Problem Solving

I greatly value people's ability to solve problems. It brings me great pleasure to see how an unexpected solution emerges. There is a little bit of magic in it – just by thinking about some problem or difficulty in a different way, people are able to overcome the problem or difficulty. Just by thinking. When I see a new gadget or a piece of software, or just a simple thing like a tool or an office form, I always look at a clever idea, at an elegant solution. And when it is there, I feel a strong connection to the unknown to me person whose mind created something out of nothing; some value out of an idea. It is also makes my day or even a week, when I find such a solution, or am helping someone else to find it. The occasion for this was a really simple solution for one organizational problem; the nature of it is really unimportant. My colleague actually found it, and I was just able to contribute to it a little. It may still not work, but it just felt great. So, I am sharing my joy.

An elegant solution is not always possible. We live with some problems for years and years, and nothing seems to be working. Or we have only small, weak, unoriginal and temporary fixes. Or we employ ugly solutions which are too wasteful, or harmful, or just …ugly. And when I see people doing something without an attempt at originality, it irritates me. It also bugs me when I am unable to figure out a way out of a dead end, big or small. And it happens very often.

I am not sure if this makes any sense, but this looking for good ideas in other people's lives and in my own is what really makes me tick. It is addictive and not always productive, because it often makes sense just to leave things alone. Not every problem deserves solving. Not every known thing needs improvement. A hammer is a hammer, and yet my heart sings when I see a clever hammer design in a hardware store. Observing and experiencing creativity is the most profound and also a very strange pleasure.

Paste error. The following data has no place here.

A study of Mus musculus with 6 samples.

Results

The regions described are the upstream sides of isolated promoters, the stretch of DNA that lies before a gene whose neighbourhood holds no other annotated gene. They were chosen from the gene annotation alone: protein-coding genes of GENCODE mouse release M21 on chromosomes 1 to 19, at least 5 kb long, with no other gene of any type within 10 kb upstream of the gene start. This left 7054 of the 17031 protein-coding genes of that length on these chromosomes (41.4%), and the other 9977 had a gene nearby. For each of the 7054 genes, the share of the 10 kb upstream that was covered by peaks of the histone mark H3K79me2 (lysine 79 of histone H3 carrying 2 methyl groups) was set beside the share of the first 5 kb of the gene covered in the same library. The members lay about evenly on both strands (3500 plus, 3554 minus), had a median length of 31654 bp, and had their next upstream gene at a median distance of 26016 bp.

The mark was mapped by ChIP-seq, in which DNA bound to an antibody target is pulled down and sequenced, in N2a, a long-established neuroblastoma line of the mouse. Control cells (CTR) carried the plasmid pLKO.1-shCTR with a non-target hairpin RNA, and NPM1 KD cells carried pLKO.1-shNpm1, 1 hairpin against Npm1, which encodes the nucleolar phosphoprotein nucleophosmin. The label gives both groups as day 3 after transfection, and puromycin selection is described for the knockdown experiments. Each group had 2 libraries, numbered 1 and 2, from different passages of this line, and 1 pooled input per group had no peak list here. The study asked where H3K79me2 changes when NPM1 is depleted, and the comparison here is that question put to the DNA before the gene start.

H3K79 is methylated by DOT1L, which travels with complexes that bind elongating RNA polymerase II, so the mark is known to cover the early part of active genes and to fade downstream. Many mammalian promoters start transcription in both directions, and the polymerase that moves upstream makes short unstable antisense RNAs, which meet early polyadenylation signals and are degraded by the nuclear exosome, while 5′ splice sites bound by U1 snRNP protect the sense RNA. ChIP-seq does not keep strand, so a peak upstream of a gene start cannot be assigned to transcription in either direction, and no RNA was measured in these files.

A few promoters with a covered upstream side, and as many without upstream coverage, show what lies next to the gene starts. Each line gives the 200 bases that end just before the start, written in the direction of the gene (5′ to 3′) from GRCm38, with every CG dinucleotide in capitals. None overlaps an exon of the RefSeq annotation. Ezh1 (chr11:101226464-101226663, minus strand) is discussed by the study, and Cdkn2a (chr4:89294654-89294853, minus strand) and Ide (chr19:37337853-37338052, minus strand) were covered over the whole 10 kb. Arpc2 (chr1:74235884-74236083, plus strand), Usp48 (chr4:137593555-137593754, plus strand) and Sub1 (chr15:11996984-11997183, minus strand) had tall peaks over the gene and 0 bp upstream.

Oleg Gazman, a wonderful Russian educator is credited with the motto "Every action must be creative, otherwise why bother?" Is this an overstatement? Perhaps; he was just placing a lot of emphasis on creativity, because it empowers children, gives them the sense of agency, and also ultimately helps them to learn and mature. I.P.Ivanov, S.A.Shmakov, O.A.Gazman and other founders of the Communard's Movement elevated creativity to the level of a moral value, not just a skill or preference. In their eyes, one must be a problem solver, and a creative thinker. It is not a choice, but an obligation. Creativity is, of course, is really an aesthetic, not an ethical ideal. Yet somehow it makes sense to me. That is where my search for creative ideas probably comes from: many of my teachers were connected to the movement. I am not making any value claims here, just trying to explain myself. It is not motivated by the ego, not at all. In fact, it is just as much fun to observe human creativity as it is to engage in it. I am not overly concerned with work efficiency (although it does enter my reasoning, for the obvious reasons). It is just the appreciation of the process. I just love to see those elegant solutions hatch and grow, and love to contribute. Creative work is double fun when it is collective. So, it was a good week.